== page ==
The American flag perched on top of Shadow Mountain mysteriously disappeared last week, adding yet another chapter to the colorful history of the area.
A flag has waved on and off atop the mountain for over a decade. Various anonymous people have made the climb to the rocky outcropping on Aspen Mountain’s west flank to install, move, remove and replace the flag.
Whether its recent disappearance was intentional or an accident caused by the wind isn’t clear, but that’s how it goes with flags on Shadow Mountain, said longtime local Tom McCabe.
McCabe and a buddy he dubbed “George” installed a flag on the mountain a few years ago, which was later either knocked down or removed, McCabe said.
The pair bush whacked their way up the most direct route to the spot along the steep slope, carrying pitons, a PVC pipe and ropes to support the flag, and at the top they assembled the flag pole in sections, McCabe said. One day about two years later, the flag disappeared, so George called McCabe and asked him if he wanted to help him install another one, McCabe said.
“I agreed,” he said. “But then I looked out my window and it was already up there.”
The flag, which was filmed by helicopters during the USA Pro Cycling Challenge, has been helpful to paragliders who use it to tell which way the wind is blowing, McCabe said. Still, he’s heard rumors of some locals complaining about it, he said.
“Somebody seemed to think that [Shadow Mountain] was their territory and they took umbrage to it,” McCabe said. “But, you know, if a flag stays up for a while ... that’s all good.”
Chris Council/Aspen Daily News
A new flag made out of green mesh fencing has been erected on the highest point of Shadow Mountain.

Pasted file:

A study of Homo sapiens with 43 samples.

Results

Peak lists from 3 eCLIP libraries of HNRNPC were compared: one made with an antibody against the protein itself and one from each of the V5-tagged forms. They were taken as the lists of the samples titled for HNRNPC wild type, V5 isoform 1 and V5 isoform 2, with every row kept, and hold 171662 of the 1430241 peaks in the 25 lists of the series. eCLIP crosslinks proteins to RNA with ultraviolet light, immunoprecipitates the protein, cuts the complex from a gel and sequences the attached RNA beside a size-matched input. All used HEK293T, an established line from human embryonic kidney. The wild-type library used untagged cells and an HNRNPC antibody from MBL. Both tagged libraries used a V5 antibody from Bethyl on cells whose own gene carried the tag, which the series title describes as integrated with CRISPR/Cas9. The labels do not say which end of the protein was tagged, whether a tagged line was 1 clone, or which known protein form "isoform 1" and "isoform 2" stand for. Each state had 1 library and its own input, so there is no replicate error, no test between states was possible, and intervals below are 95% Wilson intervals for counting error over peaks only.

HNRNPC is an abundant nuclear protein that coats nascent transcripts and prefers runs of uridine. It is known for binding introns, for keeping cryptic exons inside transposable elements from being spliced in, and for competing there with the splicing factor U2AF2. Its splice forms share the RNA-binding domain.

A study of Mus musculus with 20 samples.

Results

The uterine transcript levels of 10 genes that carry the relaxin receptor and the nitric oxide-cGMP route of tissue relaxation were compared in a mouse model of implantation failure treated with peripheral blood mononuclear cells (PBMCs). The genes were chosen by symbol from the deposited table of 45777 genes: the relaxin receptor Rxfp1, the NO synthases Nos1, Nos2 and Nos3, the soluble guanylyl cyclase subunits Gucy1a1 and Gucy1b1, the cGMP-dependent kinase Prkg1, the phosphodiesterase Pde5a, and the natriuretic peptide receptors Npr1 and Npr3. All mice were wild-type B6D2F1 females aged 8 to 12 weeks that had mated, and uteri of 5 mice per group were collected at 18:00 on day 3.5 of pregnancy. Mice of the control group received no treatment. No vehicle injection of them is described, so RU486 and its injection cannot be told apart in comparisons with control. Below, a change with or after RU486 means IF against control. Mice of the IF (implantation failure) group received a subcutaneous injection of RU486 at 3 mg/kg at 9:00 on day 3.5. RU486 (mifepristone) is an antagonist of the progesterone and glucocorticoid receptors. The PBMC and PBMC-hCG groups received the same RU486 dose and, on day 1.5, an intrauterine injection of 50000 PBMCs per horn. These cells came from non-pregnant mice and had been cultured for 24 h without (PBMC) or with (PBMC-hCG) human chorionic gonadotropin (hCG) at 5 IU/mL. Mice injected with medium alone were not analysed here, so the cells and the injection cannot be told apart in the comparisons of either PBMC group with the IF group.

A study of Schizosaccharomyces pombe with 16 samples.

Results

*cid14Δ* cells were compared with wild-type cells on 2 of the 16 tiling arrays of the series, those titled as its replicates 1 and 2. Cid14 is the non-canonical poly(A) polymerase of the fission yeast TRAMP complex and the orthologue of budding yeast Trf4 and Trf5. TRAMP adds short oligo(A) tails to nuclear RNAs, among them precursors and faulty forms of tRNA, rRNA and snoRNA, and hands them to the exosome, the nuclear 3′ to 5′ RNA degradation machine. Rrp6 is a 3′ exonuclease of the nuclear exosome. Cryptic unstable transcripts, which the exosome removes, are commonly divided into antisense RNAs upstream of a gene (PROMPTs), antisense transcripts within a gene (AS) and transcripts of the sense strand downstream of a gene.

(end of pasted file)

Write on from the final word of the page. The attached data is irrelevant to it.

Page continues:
Further up the ridge, there is a piece of green mesh fencing tied to a pole to serve as a flag, which was erected recently, and like its predecessors also can be seen from downtown Aspen.
The spot where the American flag formerly waved is a part of a parcel of land that was once the private property of longtime local Hans Gramiger.
Gramiger, known as a man with a dream that never was realized, tried for years to build a restaurant, which he would have called On The Rocks, at the peak of Shadow Mountain overlooking downtown Aspen.
Along the Little Cloud Trail that goes up the mountain, hikers can see remnants of Gramiger’s plan, which are large cables that he hoped would eventually support a transport system to the restaurant.
The Pride LLC and Joan Alexander, Gramiger’s companion and caregiver before his death in 2005, currently own the land and tried to break it into parcels earlier this year but were blocked by the city. There has been no effort to restrict hikers and climbers in the area by the land owners.
On Aug. 20, local Mike Maple made the climb to the top of Shadow Mountain with his son and his son’s friends. The American flag was still waving at that point.
Over the years, Maple has made the climb to the flag multiple times, he said. At one point, the flag had wires holding it up for support, but the most recent flag looked much more Jerry-rigged with rocks surrounding its base, he said.
“It’s no particular surprise that it comes and goes,” Maple said.
For McCabe, the tradition of flags on Shadow Mountain are like the shrines on Ajax, which many locals create and embrace but at the same time, they upset others, McCabe said. The flags are mostly just a product of locals having nothing better to do with their time, McCabe laughed.
And just like the shrines, he added, “they sometimes go away.”